Swiss police said Tuesday they had halted a search for a shooter who injured three men in a Muslim prayer hall in Zurich, after identifying a body near the scene.
"The perpetrator of the shooting at the Islamic Centre in Zurich on Monday has been identified," Zurich cantonal police said in a statement.
"A person found dead in the vicinity of the crime scene could in the meantime be associated with the crime," the statement said, adding that "the search was stopped".
A police spokeswoman would not immediately confirm that the body was that of the shooter, but said more information would be provided at a press conference later Tuesday.
The announcement came after a man, around 30 years old, burst into the Islamic Centre in central Zurich around 5:30 pm (1630 GMT) on Monday and began shooting at worshippers, according to police.
He "fired several shots at the worshippers," police said.
"Three men, aged 30, 35 and 56, were injured, some seriously. The suspect then escaped from the mosque in the direction of Central Station," the statement said.
A police spokesman told the RTS public broadcaster that the youngest and oldest victims were both seriously injured, while the 35-year-old was slightly hurt in the shooting.
Police had immediately launched a manhunt for the shooter, using torches and sniffer dogs, and urged witnesses to come forward.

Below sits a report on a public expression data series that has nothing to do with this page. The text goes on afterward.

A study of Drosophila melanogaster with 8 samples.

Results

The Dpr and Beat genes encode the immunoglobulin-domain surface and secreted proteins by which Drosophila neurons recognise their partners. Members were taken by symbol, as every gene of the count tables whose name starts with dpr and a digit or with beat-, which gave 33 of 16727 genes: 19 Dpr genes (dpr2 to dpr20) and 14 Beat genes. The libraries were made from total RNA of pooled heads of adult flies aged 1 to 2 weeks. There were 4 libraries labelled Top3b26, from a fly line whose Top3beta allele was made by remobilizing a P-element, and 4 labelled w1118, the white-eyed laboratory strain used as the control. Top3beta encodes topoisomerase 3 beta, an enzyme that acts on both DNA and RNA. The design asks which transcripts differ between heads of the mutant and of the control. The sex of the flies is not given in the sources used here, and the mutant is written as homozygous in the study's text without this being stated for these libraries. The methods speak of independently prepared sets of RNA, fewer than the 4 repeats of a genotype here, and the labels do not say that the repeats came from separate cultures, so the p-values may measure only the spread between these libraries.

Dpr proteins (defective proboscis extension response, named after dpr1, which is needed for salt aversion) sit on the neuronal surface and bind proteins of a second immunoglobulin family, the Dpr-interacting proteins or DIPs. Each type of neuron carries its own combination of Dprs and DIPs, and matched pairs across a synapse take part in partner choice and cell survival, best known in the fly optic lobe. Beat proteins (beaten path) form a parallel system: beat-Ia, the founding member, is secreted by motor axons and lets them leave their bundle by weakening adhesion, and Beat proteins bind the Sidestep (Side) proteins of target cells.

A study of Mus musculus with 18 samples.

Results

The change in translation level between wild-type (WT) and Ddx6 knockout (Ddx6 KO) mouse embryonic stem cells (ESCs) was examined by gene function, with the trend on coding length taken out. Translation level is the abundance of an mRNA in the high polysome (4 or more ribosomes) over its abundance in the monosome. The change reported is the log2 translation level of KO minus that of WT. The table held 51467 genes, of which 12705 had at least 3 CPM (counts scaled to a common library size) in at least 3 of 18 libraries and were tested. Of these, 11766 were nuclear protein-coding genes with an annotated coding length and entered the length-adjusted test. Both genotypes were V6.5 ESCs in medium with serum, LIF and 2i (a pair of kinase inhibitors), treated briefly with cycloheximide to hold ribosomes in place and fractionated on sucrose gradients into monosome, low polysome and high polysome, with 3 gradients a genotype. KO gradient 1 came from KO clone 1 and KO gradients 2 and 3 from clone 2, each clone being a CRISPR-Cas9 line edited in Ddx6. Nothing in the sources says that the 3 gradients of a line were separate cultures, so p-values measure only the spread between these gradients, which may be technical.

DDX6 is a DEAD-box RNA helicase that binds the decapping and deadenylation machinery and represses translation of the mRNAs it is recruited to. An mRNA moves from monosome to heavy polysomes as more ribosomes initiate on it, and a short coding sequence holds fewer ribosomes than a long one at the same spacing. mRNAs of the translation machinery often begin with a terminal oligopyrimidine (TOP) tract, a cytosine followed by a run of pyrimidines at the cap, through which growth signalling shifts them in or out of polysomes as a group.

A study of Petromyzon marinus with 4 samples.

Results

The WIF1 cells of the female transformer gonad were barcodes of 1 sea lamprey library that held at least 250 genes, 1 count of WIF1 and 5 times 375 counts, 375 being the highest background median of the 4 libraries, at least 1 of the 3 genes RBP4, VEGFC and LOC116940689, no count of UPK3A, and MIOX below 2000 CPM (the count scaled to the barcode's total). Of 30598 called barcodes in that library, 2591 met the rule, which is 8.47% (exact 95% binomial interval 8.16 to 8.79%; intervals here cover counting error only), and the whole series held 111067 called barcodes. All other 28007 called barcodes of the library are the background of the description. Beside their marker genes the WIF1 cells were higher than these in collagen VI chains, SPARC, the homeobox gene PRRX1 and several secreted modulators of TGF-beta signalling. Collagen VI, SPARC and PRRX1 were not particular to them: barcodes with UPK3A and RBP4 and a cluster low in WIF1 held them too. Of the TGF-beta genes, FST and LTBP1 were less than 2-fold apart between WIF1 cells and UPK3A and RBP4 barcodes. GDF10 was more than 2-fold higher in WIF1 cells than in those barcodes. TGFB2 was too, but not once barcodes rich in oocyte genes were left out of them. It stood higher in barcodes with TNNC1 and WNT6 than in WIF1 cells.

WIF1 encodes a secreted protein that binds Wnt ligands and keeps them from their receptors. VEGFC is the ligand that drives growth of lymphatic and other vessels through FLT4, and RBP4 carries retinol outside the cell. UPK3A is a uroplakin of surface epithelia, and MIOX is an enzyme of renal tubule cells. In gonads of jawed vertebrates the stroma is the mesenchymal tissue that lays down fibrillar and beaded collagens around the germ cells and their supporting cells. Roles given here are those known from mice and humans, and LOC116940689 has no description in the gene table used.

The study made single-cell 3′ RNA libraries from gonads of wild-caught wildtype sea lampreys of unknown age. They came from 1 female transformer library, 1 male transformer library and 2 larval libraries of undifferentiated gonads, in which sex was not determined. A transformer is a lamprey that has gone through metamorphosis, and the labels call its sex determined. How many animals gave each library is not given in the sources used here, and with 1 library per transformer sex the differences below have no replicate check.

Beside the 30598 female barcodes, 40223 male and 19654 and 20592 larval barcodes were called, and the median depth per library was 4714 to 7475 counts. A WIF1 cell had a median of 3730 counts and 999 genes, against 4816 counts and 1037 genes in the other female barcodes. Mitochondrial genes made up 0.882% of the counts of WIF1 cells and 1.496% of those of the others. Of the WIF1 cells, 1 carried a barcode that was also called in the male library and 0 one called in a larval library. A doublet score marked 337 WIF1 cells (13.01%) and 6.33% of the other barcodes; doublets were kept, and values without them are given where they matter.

They did not immediately provide any details about the suspected motive for the shooting.
While the search was still getting started, a body was found a few hundred metres (yards) from the scene, on a river bank under a bridge, but it was not clear late Monday if the find was linked to the shooting.
An AFP photographer said the body had been draped with a white sheet.
Around a dozen people were inside the prayer hall at the time of shooting, the ATS news agency reported, citing a number of people there, adding that a prayer service had been scheduled for 4:45 pm (1545 GMT).
The worshippers were mainly from North Africa, Somalia and Eritrea, ATS reported.
A number of Swiss mosques, including one near Zurich and the main one in Geneva, have in recent months been accused in media of allowing or encouraging the radicalisation of their worshippers, especially younger members of their congregations.
Switzerland, a country of some eight million people, has some 450,000 Muslims, according to Swiss media.